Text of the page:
How dolphins evolved to fly like birds under water

IOP Publishing

Physicists in Japan have discovered how the surface of a dolphin's skin reduces drag and helps them glide smoothly and quickly through water. These findings could help scientists design faster, energy-efficient boats, ocean liners, and submarines. This research is published in the Institute of Physics journal, Journal of Turbulence.

Scientists have known for some time that dolphins have evolved streamlined bodies which help them reduce the pressure of water against their skin (known as the 'form drag') as well as reducing friction (or 'friction drag'). Until now, no-one knew whether the soft flaky skin of a dolphin, which they shed once every 2 hours, also plays a vital part in helping them reduce these 'drags' and travel faster.

To try and understand the role of the soft, flaky skin, researchers from the Kyoto Institute of Technology in Japan devised a detailed computer simulation which models the flow of water over a dolphin's skin, modelling every individual flake of skin itself, and the way it peels off.

Professor Yoshimichi Hagiwara and colleagues found that the 'softness' or 'waviness' of the skin helps reduce drag caused by friction. They also discovered that the shedding of the skin itself reduces drag by disturbing tiny whirlpools of water called vortices, that occur in the flow around the surface of the dolphin and slow it down.

To test their simulation, they built a laboratory experiment which mimics dolphin skin using a 'wavy' plate covered in tiny pieces of film that gradually peel off as water moves over the surface.

Professor Hagiwara said: "It's really difficult to measure flow near swimming dolphins, so we designed an experiment that accurately reflects the way the surface layer of dolphin skin interacts with water flow over and around the dolphin".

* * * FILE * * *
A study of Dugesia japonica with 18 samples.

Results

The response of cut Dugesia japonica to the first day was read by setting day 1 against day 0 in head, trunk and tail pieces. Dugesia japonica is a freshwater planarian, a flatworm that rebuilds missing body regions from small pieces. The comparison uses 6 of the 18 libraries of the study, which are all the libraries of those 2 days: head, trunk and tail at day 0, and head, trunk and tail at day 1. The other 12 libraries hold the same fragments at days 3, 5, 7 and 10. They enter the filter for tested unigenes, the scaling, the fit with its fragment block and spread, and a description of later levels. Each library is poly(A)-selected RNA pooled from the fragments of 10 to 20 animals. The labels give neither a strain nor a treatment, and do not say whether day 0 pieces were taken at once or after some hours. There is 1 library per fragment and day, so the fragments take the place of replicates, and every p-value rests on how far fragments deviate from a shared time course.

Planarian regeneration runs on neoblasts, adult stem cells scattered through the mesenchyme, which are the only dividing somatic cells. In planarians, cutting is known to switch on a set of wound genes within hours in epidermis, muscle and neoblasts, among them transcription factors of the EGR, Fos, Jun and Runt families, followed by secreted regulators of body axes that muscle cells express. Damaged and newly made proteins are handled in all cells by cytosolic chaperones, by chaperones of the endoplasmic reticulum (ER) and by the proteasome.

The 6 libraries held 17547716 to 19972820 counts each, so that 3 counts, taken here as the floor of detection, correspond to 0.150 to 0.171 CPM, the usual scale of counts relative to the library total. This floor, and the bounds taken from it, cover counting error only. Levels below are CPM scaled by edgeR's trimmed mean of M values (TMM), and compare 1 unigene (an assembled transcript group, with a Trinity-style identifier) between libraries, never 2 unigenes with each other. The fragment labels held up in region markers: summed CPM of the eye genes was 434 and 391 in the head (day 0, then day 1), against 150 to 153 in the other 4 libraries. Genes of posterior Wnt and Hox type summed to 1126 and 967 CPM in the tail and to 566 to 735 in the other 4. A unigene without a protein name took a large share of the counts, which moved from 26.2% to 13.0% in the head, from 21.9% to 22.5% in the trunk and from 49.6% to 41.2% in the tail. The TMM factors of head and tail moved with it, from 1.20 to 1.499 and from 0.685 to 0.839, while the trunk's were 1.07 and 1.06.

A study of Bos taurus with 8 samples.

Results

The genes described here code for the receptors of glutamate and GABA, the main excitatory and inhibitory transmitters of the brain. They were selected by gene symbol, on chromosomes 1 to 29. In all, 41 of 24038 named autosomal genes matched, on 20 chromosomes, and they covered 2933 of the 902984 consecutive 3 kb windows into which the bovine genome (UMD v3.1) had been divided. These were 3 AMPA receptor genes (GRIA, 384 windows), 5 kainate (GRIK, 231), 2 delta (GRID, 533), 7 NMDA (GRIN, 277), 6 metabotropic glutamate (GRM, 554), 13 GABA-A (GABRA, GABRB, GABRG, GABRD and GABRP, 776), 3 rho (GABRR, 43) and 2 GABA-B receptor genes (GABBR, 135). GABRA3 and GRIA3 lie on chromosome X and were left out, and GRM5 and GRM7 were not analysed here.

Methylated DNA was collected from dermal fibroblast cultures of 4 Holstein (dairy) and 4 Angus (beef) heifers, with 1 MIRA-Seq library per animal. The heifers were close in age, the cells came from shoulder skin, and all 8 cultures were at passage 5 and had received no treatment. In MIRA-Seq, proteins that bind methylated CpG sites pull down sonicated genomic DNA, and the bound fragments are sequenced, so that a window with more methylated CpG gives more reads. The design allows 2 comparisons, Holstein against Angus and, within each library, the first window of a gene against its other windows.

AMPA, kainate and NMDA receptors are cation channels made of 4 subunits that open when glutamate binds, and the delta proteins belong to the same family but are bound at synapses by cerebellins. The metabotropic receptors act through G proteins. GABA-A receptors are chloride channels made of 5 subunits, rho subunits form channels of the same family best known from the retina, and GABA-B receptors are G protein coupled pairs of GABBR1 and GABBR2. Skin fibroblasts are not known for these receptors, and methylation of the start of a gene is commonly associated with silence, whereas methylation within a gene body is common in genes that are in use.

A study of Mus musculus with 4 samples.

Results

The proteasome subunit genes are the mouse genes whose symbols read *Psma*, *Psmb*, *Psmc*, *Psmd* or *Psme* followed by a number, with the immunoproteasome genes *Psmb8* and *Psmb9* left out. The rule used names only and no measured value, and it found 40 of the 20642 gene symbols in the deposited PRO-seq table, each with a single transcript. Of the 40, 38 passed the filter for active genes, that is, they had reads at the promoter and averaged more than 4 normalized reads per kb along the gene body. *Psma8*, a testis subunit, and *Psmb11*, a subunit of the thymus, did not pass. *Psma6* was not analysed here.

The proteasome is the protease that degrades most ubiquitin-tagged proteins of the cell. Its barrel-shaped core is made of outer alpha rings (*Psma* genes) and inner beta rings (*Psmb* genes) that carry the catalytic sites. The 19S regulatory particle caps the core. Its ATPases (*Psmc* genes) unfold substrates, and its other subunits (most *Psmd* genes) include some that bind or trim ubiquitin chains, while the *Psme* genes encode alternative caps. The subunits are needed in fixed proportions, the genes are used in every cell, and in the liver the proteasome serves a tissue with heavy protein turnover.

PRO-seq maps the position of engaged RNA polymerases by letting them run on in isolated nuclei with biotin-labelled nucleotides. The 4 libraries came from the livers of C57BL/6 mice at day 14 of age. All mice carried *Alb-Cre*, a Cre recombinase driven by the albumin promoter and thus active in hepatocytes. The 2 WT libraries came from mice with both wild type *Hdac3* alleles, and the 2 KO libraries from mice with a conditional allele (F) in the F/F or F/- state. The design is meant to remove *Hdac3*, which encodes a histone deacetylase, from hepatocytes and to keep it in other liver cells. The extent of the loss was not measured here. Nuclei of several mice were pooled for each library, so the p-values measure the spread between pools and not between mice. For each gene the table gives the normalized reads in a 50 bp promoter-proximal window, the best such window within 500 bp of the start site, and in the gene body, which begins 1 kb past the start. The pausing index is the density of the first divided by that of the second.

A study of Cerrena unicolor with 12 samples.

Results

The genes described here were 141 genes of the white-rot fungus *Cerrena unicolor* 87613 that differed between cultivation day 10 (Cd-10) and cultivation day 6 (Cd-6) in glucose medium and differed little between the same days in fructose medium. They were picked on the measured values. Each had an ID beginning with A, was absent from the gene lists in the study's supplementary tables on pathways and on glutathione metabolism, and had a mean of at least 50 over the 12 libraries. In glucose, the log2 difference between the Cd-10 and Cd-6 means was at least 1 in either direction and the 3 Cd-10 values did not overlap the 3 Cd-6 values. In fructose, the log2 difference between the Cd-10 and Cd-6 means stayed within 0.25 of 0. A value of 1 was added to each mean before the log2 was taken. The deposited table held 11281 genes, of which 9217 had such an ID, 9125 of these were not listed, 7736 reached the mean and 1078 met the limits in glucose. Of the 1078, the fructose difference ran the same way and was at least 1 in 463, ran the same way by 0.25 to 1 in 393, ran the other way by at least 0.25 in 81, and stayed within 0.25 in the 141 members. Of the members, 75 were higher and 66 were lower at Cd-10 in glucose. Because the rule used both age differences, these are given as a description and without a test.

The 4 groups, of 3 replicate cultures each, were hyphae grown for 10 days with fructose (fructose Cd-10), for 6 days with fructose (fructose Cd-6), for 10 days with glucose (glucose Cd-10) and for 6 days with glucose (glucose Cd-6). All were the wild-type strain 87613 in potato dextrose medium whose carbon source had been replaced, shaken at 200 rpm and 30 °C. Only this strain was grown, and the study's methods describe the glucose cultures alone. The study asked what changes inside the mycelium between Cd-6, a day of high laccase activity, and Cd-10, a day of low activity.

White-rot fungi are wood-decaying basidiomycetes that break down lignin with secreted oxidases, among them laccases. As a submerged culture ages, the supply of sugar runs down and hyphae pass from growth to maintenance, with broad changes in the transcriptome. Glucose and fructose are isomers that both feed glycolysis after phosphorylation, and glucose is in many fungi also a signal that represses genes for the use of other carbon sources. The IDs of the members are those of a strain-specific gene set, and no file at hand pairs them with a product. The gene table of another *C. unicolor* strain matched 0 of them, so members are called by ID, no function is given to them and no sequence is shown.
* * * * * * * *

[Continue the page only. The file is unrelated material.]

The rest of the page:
He continued: "This research is important because it gives us greater insight into the mechanisms dolphins have evolved to cope with travelling through water, which is much harder than travelling quickly through air like birds do. This research could help us build boats, ocean liners and submarines using technology based on these natural solutions".

Professor Hagiwara and his team are now improving their models, and building a new test apparatus using a soft silicon-rubber wall, in the hope of mimicking dolphin skin even more precisely.


Notes to editors:

The paper 'Turbulence modification by compliant skin and strata-corneas desquamation of a swimming dolphin' by Hiroshi Nagamine, Kenji Yamahata, Yoshimichi Hagiwara and Ryoichi Matsubara was published in the Journal of Turbulence (http://jot.iop.org) earlier this month. To see the paper go to the journal homepage, click "this month's papers" and it is the first paper in the list.

2. Professor Yochimichi Hagiwara is available to interview between 9am and 12pm GMT. Tel: 81-75-724-7324.

3. The Institute of Physics is a leading international professional body and learned society with over 37,000 members, which promotes the advancement and dissemination of a knowledge of and education in the science of physics, pure and applied. It has a world-wide membership and is a major international player in:

    scientific publishing and electronic dissemination of physics;
    setting professional standards for physicists and awarding professional qualifications;
    promoting physics through scientific conferences, education and science policy advice.

The Institute is a member of the Science Council, and a nominated body of the Engineering Council. The Institute works in collaboration with national physical societies and plays an important role in transnational societies such as the European Physical Society and represents British and Irish physicists in international organisations. In Great Britain and Ireland the Institute is active in providing support for physicists in all professions and careers, encouraging physics research and its applications, providing support for physics in schools, colleges and universities, influencing government and informing public debate.